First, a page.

Students highlight online summer courses as opportunity to get ahead

Posted on: April 15, 2013 | By: Casey Brown | Filed under: Online Instruction, Teaching & Learning

With the summer quickly approaching, it is hard to decide what to do to fill you summer free time. You could 3016972220_ca923a56cb_bapply for internships, just get a summer job close to home or take summer courses. If you choose to follow the academic route, Elon’s summer courses are split into two sessions and classes are offered both here on campus and online. To find out more about online learning, I talked to a few students about their experiences. Here is what they had to say.

How it works

Online courses at Elon are typically facilitated through Moodle, including most classroom . assignments, activities and interactions. Sophomore Sam Murray, who took Psychology in the Schools (PSY 210) last year, can elaborate.

“Each week there was a new module for us to work through,” Murray said. “Modules consisted of reading assignments, class forum posts, and a final assignment. All assignments were submitted on Moodle and the forums were also run on Moodle.”

Students preview what it’s like to take a summer course at Elon.

The benefits of an online classroom

For participants of online courses, there are a number of advantages to gaining credits over the summer with the more advantageous being the collection of additional credits. For senior Kaiti McGill, taking the extra credits over the summer opened opportunities for her experience abroad.

“I wanted to get a few courses out of the way since I knew I was going abroad for a semester,” McGill said. “I didn’t want my choice of location to depend on what classes I still had to get out of the way before graduation.”

Flexibility is another benefit of online classes. For many online courses, there is not a specific time students have to be online working. As long as students complete the work by specific deadlines, they are free to work as they please. For senior Katie Petnuch, this was a great way to balance work and fun during the summer.

“I was working on my own time. If I wanted to have ‘class’ at 10 pm then I could,” she said. “I was able to work and still partake in summer activities and vacations even though I was taking a class, just as long as I set time aside to do my work.”

Murray agreed that flexibility was key for a student with a busy summer calendar. Murray balanced her class with a full-time job, so the freedom to work whenever she could was best for her situation

“I really enjoyed taking a class online because I could do the work on my own time (often late at night after work) and still be successful,” Murray said.

The struggles of a virtual classroom

However, taking online courses means relying heavily on the Internet to complete your work. Unlike at school, where computer labs are easily accessible in the case of an emergency, not every student has easy access to technology. Therefore, he or she has to be prepared for technological failures should a problem arise. To compensate for a spotty Internet connection, Murray worked ahead of schedule.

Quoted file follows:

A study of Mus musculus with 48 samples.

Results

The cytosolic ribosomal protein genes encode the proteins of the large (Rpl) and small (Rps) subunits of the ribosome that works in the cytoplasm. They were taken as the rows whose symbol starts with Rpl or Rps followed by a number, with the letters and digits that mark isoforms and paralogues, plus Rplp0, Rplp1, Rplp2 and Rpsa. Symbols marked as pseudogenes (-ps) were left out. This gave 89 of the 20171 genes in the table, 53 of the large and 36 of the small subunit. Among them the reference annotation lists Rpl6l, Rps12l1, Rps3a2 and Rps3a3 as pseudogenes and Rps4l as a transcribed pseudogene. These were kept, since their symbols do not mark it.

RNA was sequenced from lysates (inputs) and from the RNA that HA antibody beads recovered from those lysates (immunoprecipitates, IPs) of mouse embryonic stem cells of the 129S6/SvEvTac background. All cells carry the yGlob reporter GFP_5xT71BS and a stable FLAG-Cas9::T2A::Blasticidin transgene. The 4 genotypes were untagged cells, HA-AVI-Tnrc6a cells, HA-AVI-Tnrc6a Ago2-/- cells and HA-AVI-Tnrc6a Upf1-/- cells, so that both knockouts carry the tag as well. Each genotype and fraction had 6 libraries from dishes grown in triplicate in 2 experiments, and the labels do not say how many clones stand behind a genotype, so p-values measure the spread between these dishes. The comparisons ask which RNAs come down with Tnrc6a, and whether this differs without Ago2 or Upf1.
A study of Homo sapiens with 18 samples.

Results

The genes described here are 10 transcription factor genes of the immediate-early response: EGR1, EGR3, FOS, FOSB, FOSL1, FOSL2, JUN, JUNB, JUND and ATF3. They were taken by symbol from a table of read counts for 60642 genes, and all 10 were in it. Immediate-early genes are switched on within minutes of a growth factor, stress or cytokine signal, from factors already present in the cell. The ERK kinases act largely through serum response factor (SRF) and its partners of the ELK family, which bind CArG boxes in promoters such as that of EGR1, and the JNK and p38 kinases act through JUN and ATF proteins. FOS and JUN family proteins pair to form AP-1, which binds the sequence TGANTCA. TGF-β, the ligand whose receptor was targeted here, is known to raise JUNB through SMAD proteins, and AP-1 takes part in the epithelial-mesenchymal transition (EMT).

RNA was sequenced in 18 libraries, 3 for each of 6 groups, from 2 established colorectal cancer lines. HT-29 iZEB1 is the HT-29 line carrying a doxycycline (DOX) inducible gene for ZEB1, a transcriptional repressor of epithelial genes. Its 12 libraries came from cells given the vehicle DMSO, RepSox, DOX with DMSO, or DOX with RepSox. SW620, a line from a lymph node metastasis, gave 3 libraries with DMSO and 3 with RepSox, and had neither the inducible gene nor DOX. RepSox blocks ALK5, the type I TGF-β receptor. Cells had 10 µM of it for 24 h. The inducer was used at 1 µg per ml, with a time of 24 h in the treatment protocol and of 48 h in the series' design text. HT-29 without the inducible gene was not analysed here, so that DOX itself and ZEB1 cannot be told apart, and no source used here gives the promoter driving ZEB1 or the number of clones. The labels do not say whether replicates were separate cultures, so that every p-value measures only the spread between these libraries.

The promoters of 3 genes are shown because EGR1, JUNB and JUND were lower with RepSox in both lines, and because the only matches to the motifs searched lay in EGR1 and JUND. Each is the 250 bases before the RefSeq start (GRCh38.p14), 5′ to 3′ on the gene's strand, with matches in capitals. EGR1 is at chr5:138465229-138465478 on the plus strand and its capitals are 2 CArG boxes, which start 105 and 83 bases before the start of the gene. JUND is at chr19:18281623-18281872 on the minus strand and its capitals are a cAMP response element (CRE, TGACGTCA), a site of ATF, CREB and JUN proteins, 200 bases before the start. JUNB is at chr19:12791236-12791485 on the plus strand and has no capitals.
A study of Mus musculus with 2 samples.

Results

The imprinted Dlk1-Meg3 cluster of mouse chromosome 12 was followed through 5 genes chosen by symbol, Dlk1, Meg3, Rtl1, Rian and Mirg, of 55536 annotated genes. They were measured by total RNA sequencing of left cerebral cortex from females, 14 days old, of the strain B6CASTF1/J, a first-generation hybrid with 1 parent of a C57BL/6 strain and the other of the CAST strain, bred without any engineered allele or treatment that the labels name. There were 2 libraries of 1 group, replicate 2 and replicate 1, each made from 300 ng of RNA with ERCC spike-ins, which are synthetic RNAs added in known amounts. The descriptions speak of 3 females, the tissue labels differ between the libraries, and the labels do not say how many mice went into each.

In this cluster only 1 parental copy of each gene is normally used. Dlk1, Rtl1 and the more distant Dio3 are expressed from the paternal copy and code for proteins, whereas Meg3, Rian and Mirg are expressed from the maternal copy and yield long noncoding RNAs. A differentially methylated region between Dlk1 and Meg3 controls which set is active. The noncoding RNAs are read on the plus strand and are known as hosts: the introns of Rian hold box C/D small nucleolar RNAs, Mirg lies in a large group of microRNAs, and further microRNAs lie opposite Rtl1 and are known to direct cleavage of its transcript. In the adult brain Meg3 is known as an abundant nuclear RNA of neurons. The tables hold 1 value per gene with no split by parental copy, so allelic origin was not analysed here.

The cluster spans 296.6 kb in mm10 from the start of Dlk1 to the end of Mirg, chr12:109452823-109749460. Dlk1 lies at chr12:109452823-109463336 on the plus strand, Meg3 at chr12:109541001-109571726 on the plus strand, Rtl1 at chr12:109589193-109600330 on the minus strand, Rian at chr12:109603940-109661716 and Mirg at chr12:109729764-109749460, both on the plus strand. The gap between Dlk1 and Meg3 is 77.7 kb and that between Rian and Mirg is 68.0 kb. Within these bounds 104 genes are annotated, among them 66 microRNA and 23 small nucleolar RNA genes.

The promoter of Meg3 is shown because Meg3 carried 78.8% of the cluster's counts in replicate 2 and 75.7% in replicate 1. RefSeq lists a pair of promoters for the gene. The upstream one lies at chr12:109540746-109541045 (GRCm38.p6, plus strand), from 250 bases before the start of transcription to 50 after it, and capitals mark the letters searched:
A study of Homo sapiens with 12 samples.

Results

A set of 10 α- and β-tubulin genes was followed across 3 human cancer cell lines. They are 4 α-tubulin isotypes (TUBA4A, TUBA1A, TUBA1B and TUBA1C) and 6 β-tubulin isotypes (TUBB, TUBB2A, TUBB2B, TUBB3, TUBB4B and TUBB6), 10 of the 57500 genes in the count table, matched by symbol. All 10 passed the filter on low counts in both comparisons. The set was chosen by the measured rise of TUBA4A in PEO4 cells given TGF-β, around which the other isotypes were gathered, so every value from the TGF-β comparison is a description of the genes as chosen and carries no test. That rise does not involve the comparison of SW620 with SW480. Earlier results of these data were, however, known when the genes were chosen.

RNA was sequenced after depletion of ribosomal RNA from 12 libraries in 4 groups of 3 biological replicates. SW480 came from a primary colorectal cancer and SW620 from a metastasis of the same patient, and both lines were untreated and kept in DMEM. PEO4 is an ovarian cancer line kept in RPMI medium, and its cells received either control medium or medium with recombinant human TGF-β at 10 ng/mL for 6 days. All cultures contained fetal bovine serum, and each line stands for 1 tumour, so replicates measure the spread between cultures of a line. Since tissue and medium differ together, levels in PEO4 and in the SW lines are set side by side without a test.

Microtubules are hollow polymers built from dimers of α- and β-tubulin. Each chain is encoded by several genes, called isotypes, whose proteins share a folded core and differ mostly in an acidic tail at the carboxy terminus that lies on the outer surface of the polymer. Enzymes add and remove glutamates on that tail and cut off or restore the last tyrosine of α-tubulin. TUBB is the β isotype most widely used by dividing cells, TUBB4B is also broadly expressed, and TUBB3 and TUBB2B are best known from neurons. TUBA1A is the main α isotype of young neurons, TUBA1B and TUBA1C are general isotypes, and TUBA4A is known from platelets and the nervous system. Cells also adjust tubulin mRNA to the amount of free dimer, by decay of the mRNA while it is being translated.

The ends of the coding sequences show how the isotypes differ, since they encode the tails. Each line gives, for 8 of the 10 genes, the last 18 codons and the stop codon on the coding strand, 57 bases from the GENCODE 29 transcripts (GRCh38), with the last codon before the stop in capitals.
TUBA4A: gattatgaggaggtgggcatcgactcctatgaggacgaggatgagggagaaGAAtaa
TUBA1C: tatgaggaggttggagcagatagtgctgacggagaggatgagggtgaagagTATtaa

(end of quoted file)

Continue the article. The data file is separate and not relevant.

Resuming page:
“Relying on the Internet and technology is always risky,” Murray said. “Because I knew Internet was spotty at my house, I made sure that I did assignments ahead of time and if they couldn’t upload at my house I gave myself ample time to get to the library in my town. You also have to make sure you save your assignments as you do them because we all know how temperamental computers can be.”

For McGill, the virtual classroom made communicating with the professor difficult.  McGill emphasized that the lack of face-to-face contact could lead to crossed wires in the professor-student dynamic.

“Misunderstandings were harder to figure out via email,” said McGill. “Communication tends to have a better tone in person as a rule, so the human element and enjoying class for the people wasn’t possible.”

Petnuch said her biggest struggle involved her online sessions timing out, which led to the loss of her work and some frustration on her part.

“I would say in some ways it definitely hindered my learning,” Petnuch said. “For example when Blackboard or Moodle would time out and I would lose all my work or everything that I had done on a test. It did help that we were able to look certain things up on the Internet for help, but I think it is always easier to use a professor in person as an easier resource. “

The ideal online student

Murray, Petnuch, and McGill all benefited from the online courses they took, but they agree that this approach to learning is not for everyone. Petnuch stressed the need for diligence and hard work if you choose to learn online.

“You absolutely have to learn time management and motivation,” Petnuch said. “You have to be on top of your work or else you will get too behind and then the class is over because it only lasts for a month.  You have to be very diligent and independent and get your work done as the professor suggests. “

McGill echoed this sentiment, saying that online courses are not for the unorganized, unmotivated student.

“Organization and commitment to learning the content are key,” McGill said. “If someone lacks incentive or time management skills, online classes are most definitely NOT for them!”


If you’re interested in learning more about online courses through Moodle, contact Teaching and Learning Technologies at 336.278.5006 or

Image by Flickr user ecastro / CC BY-SA 2.0

Casey Brown

Casey Brown is the Writing Intern for Technology with Elon University's Teaching and Learning Technologies Department.